Whether a patent qualifies for a CBM review has been a moving target. Early decisions held that the claims do not need to be directed to a “financial product or service,” since a reference in the specification to a financial use may be sufficient. More recently, there have been CBM decisions requiring that a specification reference isn’t enough, and that the claim language must meet the statutory requirement of “a patent that claims a method or corresponding apparatus for performing data processing or other operations used in the practice, administration, or management of a financial product or service, except that the term does not include patents for technological inventions.” AIA § 18(d)(1).

CBM review has been avoided by disclaiming financial claims. In Plaid Technologies, Inc. v. Yodlee, Inc., (CBM2016-00070, 10-6-2016), the PTAB denied review because none of the challenged claims were “explicitly or inherently” financial. The patent owner had disclaimed, under 35 USC § 253(a), the only claims that were expressly directed to financial products or services. The remaining claims were directed to restructuring device-specific internet data to a different format. The disclaimed dependent claims recited “billing schedules retrieved for a client are converted into two or more records.” The timing of the disclaimer is critical. The Yodlee disclaimer was filed just before the preliminary response. However, a disclaimer after institution of a CBM trial is too late (J.P. Morgan Chase & Co. v. Intellectual Ventures II LLC, CBM2014-00157, 1-12-2016).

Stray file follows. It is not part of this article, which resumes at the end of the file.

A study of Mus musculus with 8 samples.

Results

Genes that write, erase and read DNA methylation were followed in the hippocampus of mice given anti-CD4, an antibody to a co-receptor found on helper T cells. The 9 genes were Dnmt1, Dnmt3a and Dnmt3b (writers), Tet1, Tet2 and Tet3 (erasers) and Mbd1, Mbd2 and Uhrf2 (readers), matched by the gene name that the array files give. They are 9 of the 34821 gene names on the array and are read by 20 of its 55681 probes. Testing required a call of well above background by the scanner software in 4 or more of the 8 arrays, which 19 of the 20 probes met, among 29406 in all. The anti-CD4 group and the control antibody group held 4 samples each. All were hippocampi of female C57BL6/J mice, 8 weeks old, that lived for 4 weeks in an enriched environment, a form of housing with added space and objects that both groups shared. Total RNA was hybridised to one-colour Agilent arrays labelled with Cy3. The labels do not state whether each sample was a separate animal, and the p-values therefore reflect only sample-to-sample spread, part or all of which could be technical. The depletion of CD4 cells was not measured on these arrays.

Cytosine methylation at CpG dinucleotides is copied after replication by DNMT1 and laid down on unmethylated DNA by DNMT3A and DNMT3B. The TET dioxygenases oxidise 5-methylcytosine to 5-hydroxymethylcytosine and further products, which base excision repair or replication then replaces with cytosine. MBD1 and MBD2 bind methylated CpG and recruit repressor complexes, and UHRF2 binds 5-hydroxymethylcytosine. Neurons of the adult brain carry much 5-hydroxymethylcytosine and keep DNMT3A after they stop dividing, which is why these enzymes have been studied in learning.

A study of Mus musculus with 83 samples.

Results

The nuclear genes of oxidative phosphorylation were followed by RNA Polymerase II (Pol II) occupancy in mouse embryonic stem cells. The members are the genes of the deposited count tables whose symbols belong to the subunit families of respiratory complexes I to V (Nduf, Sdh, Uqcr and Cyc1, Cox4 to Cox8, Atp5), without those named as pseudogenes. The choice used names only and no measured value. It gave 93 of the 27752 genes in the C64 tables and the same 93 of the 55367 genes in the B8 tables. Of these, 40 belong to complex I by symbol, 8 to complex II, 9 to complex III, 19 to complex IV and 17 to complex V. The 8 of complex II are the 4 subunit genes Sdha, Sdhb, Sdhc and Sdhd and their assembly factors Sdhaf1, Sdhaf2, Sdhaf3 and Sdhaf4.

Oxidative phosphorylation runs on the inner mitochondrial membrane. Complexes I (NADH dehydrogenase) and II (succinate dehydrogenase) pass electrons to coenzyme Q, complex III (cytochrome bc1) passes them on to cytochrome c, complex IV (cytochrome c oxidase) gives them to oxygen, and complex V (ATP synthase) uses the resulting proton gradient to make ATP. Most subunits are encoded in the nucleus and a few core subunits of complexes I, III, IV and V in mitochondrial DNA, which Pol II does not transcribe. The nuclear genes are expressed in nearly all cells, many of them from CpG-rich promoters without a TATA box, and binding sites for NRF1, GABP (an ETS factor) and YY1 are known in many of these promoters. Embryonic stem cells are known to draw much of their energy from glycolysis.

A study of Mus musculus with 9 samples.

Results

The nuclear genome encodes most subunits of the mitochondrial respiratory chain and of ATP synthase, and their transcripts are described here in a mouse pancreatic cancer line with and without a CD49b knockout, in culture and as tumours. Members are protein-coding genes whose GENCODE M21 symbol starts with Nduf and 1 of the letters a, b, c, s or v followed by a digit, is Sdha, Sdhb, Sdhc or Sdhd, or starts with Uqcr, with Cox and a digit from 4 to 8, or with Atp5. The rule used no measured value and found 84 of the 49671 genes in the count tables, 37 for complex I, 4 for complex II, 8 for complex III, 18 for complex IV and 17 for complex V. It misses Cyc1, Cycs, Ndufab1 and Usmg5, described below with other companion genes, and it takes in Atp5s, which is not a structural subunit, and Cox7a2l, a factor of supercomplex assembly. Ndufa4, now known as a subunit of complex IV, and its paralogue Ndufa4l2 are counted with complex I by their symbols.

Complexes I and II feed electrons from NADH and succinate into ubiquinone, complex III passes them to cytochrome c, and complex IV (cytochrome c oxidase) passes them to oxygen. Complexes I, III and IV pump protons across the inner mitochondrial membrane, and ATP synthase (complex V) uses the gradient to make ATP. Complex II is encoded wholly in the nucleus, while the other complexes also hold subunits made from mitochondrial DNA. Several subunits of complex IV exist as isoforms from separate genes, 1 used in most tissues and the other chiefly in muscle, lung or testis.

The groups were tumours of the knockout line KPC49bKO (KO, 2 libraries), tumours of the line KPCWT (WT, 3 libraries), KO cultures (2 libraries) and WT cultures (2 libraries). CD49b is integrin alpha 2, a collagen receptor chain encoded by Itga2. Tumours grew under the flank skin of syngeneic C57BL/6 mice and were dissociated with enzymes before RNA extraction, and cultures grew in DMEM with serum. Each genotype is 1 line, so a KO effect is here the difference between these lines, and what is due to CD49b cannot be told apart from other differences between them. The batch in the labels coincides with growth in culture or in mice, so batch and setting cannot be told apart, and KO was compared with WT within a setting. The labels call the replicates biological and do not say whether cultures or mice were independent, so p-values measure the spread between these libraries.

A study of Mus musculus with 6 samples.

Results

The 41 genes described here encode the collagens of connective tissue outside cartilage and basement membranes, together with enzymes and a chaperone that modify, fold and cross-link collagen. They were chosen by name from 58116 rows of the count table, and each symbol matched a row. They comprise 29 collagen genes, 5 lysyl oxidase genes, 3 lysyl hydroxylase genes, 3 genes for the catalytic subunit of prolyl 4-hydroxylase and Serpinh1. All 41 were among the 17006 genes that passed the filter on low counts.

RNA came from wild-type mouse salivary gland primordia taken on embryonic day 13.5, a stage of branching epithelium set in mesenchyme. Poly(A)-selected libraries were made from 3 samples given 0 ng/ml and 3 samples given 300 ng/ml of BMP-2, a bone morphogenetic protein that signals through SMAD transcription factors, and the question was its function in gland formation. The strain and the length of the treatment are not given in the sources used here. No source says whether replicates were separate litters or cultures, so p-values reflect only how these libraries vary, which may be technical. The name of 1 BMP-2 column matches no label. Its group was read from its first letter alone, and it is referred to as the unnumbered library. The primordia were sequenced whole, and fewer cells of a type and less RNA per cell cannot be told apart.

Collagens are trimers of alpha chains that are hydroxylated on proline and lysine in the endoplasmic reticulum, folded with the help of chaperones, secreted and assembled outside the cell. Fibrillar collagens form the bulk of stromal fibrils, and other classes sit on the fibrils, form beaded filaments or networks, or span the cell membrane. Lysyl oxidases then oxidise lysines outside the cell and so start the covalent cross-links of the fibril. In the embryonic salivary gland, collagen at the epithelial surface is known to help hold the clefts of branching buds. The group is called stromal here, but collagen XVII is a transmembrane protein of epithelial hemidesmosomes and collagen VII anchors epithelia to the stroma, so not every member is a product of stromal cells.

The Federal Circuit recently ruled in Unwired Planet v. Google (CBM 2014-00006, Fed. Cir. Nov. 21, 2016) that the PTO’s application of CBM review to claims that are “incidental” or “complementary” to a financial activity went beyond the statute. The Unwired patent related to privacy preferences and allowing applications to access a mobile device’s location. Google had noted that the specification discusses using the claimed method to facilitate advertising, which would thereby facilitate financial activity. The Federal Circuit said that “All patents, at some level, relate to potential sale of a good or service.” The PTAB decision was vacated and remanded.

Thus, until there is further clarification, it is risky to petition for a CBM review where the claims themselves do not relate to a financial activity. Even where some of the claims themselves refer to financial activity, CBM review may be avoided by disclaiming those claims.